El Segundo High School

Harvard Final Club Spee breaks tradition and invites women to join

In 1791 Harvard Final Clubs began what would become a storied history with the establishment of the Porcellian  (P.C); the first of what would become eight, illustrious, all-male, Harvard Final Clubs.  Fast forward over 200 years later, and one of these exclusive all-male Harvard Final Clubs, Spee, is breaking tradition and inviting women to “punch”  which is a  Harvard College yearly selection process for new members; a secretive process where prospective club members are vetted to see who will be ultimately invited to join the club.

A Final Club is an undergraduate social club at Harvard College. They serve as the social scene of the crème-de-la-crème of Harvard undergrads, housed in clubhouses which feature dining halls, libraries, and game rooms. The eight all-male clubs include:  Porcellian (the oldest, Teddy Roosevelt was a member);  Spee (John F. Kennedy was a member); Phoenix (featured in “The Social Network”); Delphic (Matt Damon was a member); Owl; Fly; A.D.; and, Fox.  Starting in 1991, five all-female clubs were also established at Harvard College.

In March of 2015, the Spee Club came under scrutiny from the University because of an invitation to one of its parties that suggested that women who attend should dress in lingerie for the party.  Many on campus believe that the move for the Spee to invite women to “punch” comes because of this backlash.  Harvard University President Drew Faust stated “To have certain groups that can dispense privilege and advantage in very significant ways that exclude individuals from membership is very troubling,” she told the Harvard Crimson.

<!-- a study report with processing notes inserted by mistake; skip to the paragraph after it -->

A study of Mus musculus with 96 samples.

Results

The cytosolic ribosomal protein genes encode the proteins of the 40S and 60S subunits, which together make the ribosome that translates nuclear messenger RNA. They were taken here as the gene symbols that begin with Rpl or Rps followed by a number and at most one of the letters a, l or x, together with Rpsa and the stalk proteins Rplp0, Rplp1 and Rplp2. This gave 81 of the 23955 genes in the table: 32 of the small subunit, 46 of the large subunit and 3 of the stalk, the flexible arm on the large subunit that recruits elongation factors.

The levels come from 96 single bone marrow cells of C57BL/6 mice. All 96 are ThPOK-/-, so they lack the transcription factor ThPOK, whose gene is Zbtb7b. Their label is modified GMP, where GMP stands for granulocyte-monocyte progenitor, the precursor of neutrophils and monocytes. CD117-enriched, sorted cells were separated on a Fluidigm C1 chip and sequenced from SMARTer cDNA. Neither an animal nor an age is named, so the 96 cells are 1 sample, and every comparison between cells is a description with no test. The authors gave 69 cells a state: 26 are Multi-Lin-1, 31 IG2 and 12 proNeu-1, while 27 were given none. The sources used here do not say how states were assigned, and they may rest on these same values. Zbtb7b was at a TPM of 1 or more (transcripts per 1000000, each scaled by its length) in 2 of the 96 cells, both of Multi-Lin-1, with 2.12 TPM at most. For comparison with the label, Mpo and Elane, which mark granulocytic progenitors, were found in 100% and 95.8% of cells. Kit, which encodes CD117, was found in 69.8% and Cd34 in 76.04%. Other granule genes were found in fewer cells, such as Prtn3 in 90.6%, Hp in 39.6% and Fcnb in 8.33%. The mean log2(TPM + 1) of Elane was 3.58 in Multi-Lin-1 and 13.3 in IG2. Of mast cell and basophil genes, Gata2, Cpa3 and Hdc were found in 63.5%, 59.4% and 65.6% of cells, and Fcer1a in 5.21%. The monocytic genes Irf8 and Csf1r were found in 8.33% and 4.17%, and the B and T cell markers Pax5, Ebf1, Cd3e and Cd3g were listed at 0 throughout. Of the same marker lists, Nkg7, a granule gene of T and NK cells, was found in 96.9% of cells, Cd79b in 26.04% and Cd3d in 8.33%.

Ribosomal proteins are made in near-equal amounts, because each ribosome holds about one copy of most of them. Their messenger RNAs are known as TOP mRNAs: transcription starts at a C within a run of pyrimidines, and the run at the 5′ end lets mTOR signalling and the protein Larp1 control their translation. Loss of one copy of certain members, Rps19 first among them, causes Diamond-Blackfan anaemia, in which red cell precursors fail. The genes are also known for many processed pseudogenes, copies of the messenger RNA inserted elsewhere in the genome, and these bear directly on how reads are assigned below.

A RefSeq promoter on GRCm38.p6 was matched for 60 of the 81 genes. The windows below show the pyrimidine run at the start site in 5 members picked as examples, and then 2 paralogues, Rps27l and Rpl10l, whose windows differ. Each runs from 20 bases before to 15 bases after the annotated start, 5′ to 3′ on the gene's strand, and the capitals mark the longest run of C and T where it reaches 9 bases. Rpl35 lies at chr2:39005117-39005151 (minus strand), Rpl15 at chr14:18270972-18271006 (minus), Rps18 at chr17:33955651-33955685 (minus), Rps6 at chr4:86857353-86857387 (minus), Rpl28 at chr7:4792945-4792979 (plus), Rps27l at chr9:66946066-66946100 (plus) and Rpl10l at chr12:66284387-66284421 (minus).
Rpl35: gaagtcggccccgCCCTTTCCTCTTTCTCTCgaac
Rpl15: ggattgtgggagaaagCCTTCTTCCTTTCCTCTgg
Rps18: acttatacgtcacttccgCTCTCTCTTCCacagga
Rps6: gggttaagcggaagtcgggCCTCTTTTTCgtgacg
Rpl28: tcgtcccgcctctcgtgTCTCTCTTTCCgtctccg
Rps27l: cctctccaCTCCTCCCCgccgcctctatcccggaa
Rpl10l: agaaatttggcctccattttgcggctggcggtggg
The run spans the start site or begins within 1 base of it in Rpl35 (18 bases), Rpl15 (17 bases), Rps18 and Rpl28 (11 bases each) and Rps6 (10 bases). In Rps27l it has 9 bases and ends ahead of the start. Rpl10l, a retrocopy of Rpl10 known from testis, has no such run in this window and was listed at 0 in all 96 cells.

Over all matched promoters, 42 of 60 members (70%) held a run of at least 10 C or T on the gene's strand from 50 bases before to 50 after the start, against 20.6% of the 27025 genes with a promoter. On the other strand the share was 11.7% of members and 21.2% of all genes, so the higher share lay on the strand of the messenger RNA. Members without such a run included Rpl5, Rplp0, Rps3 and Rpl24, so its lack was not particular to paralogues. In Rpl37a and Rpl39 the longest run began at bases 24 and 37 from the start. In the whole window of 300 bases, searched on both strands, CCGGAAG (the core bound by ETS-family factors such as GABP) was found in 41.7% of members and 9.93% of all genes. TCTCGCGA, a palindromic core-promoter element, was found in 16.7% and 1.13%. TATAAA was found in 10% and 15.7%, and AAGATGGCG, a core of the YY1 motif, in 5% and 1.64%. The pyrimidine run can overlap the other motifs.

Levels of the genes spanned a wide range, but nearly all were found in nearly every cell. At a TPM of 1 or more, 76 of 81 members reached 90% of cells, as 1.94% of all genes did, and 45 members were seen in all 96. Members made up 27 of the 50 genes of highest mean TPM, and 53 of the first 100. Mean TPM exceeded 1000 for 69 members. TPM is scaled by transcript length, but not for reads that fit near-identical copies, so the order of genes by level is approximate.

So, this past week the traditional Final Club punches were delivered. A punch, historically, is an invitation to male sophomores to come to a reception hosted by the club.  As featured in “The Social Network”, a student gets punched when a letter is put under their door inviting them to the reception.  This age-old punch process begins every fall and lasts about six weeks, wherein a series of social events are held by the club members to get to know punchees, or prospective club members.

This year, the Spee Club, for the first time in Harvard history, invited women to participate in its punch process. Spee Club president Matthew E. Lee ’16 confirmed to The Harvard Crimson that the club’s members had “voted to welcome all genders in their Fall Punch.” Incidentally, Spee was the first club to punch African-Americans as well.  Emotions were mixed at Harvard this week, starting with surprise at this historic move, and followed by national media fascination.  The common sentiment seems to be two-fold.  First, while women were invited to punch Spee, it appears that women were punched based on aesthetics.  Second, some see this as progress, and others feeling that tradition is tradition and thus are unsure of this monumental change.